In the field of estate planning most people are aware of the existence of wills and trusts. What they may not be cognizant of is the fact that there are a number of different types of wills and trusts.
We will look at some of the more commonly utilized trusts in a different post, but let’s take a glance at four different types of wills.
Living Will: An Advance Directive for Health Care
Since there is such a thing as a living trust there can be some confusion about the purpose of a living will. These documents don’t arrange for asset transfers. They are advance directives that are used to state your preferences regarding the use of artificial life support measures.
Ethical Will: A Powerful Tool
These are very interesting documents. Imagine how you may feel if you were to do some soul-searching while planning your estate and come to the realization that you will no longer be able to provide guidance to your family members after you’re gone.
People have had this feeling for thousands of years. As a response many of them have passed along ethical wills to their loved ones. These documents are traditionally used to share your spiritual foundation and the moral code that you have lived by.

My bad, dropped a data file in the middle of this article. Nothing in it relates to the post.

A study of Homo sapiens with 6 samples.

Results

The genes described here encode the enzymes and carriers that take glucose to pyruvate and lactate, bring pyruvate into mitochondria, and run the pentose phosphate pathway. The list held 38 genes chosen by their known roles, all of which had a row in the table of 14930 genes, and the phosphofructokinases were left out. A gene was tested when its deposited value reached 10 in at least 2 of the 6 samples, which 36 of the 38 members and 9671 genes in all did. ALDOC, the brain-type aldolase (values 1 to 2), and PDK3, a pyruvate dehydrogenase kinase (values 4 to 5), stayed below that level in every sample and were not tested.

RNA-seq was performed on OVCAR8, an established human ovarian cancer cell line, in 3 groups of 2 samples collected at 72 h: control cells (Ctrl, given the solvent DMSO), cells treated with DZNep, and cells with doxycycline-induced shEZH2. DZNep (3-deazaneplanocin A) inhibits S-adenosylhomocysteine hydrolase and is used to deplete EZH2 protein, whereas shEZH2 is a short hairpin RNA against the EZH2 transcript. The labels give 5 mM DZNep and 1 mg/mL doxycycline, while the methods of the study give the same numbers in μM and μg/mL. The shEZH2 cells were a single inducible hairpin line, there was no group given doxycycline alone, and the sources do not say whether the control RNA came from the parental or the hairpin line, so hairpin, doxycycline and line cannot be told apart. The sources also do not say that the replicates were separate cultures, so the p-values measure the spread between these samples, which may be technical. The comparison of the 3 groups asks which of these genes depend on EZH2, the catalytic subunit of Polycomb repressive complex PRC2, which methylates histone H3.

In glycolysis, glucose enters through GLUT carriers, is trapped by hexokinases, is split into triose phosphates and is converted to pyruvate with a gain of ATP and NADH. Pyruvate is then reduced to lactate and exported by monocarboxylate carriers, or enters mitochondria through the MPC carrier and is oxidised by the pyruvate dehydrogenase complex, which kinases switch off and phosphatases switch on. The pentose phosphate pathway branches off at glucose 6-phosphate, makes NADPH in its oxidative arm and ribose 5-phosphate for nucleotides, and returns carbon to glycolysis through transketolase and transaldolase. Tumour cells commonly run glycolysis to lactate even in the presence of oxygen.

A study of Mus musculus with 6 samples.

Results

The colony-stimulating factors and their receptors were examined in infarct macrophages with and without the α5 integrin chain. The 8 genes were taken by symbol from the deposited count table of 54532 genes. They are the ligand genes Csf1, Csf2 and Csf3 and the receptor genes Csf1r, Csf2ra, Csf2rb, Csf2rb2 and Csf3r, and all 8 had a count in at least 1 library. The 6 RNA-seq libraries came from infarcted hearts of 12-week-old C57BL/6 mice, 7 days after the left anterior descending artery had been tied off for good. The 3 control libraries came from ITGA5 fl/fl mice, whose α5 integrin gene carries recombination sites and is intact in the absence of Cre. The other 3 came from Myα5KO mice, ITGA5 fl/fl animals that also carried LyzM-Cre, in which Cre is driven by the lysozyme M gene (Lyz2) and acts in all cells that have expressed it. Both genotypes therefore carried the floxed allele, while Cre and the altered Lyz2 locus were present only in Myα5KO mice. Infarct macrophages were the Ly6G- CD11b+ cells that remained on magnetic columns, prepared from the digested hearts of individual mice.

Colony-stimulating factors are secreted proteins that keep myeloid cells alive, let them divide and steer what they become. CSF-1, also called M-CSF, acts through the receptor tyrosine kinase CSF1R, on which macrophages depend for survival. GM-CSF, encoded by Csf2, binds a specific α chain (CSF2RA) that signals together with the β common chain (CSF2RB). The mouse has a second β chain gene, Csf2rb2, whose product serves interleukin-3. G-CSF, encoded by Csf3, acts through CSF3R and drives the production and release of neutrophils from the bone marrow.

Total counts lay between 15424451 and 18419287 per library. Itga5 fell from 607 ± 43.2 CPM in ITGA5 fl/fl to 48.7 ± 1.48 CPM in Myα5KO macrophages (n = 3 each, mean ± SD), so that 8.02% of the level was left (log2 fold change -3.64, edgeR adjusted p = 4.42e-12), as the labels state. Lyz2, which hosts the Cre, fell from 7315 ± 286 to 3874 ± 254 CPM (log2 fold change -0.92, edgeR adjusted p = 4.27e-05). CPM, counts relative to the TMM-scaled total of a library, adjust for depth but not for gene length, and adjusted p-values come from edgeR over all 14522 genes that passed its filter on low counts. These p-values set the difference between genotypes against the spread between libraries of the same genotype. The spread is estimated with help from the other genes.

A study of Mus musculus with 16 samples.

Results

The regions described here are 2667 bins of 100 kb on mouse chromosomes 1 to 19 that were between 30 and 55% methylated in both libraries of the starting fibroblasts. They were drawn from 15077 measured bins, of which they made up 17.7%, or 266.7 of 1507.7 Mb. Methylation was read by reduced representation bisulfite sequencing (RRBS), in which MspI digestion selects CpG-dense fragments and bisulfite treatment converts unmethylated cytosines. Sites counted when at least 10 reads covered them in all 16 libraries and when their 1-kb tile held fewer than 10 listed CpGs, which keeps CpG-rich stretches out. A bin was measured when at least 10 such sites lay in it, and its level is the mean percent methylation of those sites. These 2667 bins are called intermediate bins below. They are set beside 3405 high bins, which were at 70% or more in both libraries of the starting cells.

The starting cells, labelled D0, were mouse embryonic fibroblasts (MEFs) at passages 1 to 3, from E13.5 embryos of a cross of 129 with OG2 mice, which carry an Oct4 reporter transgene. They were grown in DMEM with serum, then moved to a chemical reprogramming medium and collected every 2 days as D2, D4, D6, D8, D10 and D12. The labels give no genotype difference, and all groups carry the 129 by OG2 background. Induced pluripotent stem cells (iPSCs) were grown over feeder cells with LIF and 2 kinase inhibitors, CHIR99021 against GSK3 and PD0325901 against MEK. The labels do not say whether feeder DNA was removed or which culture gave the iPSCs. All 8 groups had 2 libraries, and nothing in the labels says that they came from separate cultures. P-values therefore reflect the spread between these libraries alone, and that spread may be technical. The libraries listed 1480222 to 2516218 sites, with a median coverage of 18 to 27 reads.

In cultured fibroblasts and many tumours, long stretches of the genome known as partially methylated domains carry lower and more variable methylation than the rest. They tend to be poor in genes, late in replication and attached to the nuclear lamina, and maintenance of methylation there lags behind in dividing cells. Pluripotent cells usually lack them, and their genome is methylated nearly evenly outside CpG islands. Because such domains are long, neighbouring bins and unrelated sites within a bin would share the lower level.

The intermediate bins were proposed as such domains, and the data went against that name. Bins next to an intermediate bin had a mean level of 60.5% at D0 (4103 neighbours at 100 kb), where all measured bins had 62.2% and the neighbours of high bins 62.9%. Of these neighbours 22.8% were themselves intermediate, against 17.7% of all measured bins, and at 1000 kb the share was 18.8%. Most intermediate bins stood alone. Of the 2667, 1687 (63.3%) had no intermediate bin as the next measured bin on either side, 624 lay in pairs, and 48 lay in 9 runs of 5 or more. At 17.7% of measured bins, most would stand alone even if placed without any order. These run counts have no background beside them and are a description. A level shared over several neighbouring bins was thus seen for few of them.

Last Will: Common Vehicle of Asset Transfer
This is the document that everyone has heard of, and it is indeed used to state your final wishes regarding the distribution of your financial resources. However, when you are drawing up your last will you should also select an executor to handle the administration of your estate. If you have minor children you would want to include your choice of guardian in the will as well.
Pour-Over Will: Captures Personal Property
This type of will is often utilized in conjunction with a living trust. You may not have conveyed everything that you own into the trust. At the time of your death the pour-over will facilitates the transfer of this personal property into the trust.
Mr. Kraft assists clients primarily in the areas of estate planning and administration, Medicaid planning, federal and state taxation, real estate and corporate law, bringing the added perspective of an accounting background to his work.